A California federal judge on Monday refused to toss a proposed class action lawsuit accusing Twinnings North America Inc. of making unlawful nutrient content and health benefit claims about its Green, Black and White teas, saying the plaintiff may be able to prove injury once she obtains Twinnings’ financial records and pricing information, which she says could prove the Twinnings Tea products were marked up based on the allegedly unfair practices.
This is the second time that Twinnings has lost a bid to have the case dismissed.
In a class action lawsuit filed in 2012, plaintiff Nancy Lanovaz says she paid a premium price for Twinings Tea products and would not have purchased them without the allegedly unlawful labeling that the tea is a “natural source of antioxidants.”
Lanovas does not dispute that the teas contain flavonoids, a type of antioxidant, but argues that the Food and Drug Administration does not allow nutrient content claims about flavonoids because the FDA has not established a recommended daily intake for flavonoids. Therefore, Lavonaz argues that Twinnings’ labels and websites are deceptive, misleading, and unlawful even if they are technically true.
Twinnings sought to dismiss the false labeling class action lawsuit, arguing that Lanovaz did not rely on the allegedly misleading statements in her purchasing decisions and could not establish that Twinnings made unlawful claims about the teas’ nutrient content and health claims.
While agreeing with the company that website content and labeling regarding sources of antioxidants is not an “illegal health claim,” Judge Ronald M. Whyte was otherwise unpersuaded by the motion to summarily dismiss the Twinnings Tea class action lawsuit.
Lanovaz had said both in the class action lawsuit and subsequent deposition that she was a long-time buyer of Twinnings Tea Earl Grey Blend Tea for roughly two decades, but roughly seven years ago, she also began buying the brand’s Green Tea for its purported health benefits. When deposed, she said that she believed the labeling information meant “that it’s a major source – a natural source of antioxidants,” compared to the label which states that the product is “[a] natural source of protective antioxidants.”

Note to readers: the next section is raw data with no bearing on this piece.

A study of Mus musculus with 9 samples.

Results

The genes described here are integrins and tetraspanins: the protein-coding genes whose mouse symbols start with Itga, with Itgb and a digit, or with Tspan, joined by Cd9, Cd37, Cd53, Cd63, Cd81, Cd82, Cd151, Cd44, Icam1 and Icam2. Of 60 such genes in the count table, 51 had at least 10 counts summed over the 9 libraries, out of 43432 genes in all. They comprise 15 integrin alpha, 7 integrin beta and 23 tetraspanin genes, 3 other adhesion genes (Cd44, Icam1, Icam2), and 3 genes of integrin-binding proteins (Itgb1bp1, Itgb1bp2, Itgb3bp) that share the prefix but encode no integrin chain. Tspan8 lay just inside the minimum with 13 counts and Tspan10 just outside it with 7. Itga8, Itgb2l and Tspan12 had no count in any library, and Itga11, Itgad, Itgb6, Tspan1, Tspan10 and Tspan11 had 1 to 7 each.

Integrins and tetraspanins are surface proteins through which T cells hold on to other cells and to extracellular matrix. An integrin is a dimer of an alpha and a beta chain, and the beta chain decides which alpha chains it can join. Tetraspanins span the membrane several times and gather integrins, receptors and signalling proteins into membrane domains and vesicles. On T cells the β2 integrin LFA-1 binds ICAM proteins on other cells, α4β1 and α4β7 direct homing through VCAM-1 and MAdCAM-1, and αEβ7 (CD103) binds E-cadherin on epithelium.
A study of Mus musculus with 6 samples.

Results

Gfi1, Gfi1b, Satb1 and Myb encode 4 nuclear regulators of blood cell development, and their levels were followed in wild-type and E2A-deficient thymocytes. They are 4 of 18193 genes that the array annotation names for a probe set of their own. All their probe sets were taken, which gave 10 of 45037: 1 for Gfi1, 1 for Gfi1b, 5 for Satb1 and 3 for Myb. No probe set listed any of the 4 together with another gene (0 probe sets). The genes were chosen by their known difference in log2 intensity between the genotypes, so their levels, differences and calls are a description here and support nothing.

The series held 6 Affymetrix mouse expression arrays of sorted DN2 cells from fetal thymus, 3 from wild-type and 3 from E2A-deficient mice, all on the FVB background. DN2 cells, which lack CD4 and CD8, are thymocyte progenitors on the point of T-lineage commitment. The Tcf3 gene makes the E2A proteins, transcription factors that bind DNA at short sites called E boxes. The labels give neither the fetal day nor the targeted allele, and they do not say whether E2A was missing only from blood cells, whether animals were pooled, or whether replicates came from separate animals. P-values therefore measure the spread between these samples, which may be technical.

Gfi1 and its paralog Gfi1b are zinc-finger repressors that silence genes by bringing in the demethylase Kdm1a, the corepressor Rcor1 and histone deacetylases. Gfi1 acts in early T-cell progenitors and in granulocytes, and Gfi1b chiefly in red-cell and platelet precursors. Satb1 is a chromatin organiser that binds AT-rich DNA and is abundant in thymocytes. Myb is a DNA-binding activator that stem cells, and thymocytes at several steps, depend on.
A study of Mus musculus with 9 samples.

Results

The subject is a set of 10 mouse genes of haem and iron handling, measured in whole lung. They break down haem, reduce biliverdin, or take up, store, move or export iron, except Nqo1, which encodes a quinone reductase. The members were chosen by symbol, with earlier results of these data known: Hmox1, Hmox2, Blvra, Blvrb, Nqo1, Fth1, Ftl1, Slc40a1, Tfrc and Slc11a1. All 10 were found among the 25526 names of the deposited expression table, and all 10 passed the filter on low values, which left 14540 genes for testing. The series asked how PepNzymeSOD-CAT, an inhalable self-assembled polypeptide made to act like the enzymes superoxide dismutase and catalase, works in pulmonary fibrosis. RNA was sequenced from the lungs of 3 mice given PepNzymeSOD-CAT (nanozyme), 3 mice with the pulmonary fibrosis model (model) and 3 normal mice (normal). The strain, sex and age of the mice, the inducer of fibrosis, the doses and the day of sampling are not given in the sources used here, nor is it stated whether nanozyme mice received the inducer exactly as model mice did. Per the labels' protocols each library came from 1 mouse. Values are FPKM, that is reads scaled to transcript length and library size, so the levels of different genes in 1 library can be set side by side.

Judge Whyte noted in his Jan. 6 decision to deny summary judgment that regulations regarding food and beverage labeling are designed to minimize confusion and that the mentions of antioxidants were not puffery.
In addition, while Lanovaz does not allege in the putative class action lawsuit that she bought all of the more than 50 Twinings Tea products included in the complaint, Judge Whyte noted that they all contained the same key ingredient: extracts of the camellia sinensis plant.
While the company had sought to dismiss the class action lawsuit because of the minimal damages the plaintiff suffered, the decision noted that similar cases had been allowed to proceed regardless of the amount of economic harm suffered. If the plaintiff could demonstrate that she paid more than was necessary, that would satisfy the pleading requirement.
Further, that may be confirmed by efforts in discovery to ascertain whether the false labeling reportedly accompanied a change in pricing based on the fact that consumers are willing to pay more for products that are more healthy than competing options.
However, Judge Whyte did trim claims of reliance on website content, noting that in her own testimony, Lanovaz did not take into account statements regarding antioxidants she read online for complaints regarding black and white tea as compared to green tea variants.
Lanovaz is represented by class action attorney Ben F. Pierce Gore of Pratt & Associates.
The Twinings Tea False Labeling Class Action Lawsuit is Nancy Lanovaz v. Twinings North America Inc., Case No. 12-cv-02646, in the U.S. District Court, Northern District of California.
UPDATE: A federal judge certified the Twinings tea class action lawsuit on April 24, 2014.
UPDATE 2: On Mar. 17, 2016, in a motion for summary judgment, Twinings argued that the plaintiffs failed to show evidence that a “reasonable consumer” was likely to be deceived by the statement “natural source of antioxidants.”
UPDATE 3: On May 9, 2016, Twinings filed another motion to dismiss the claims.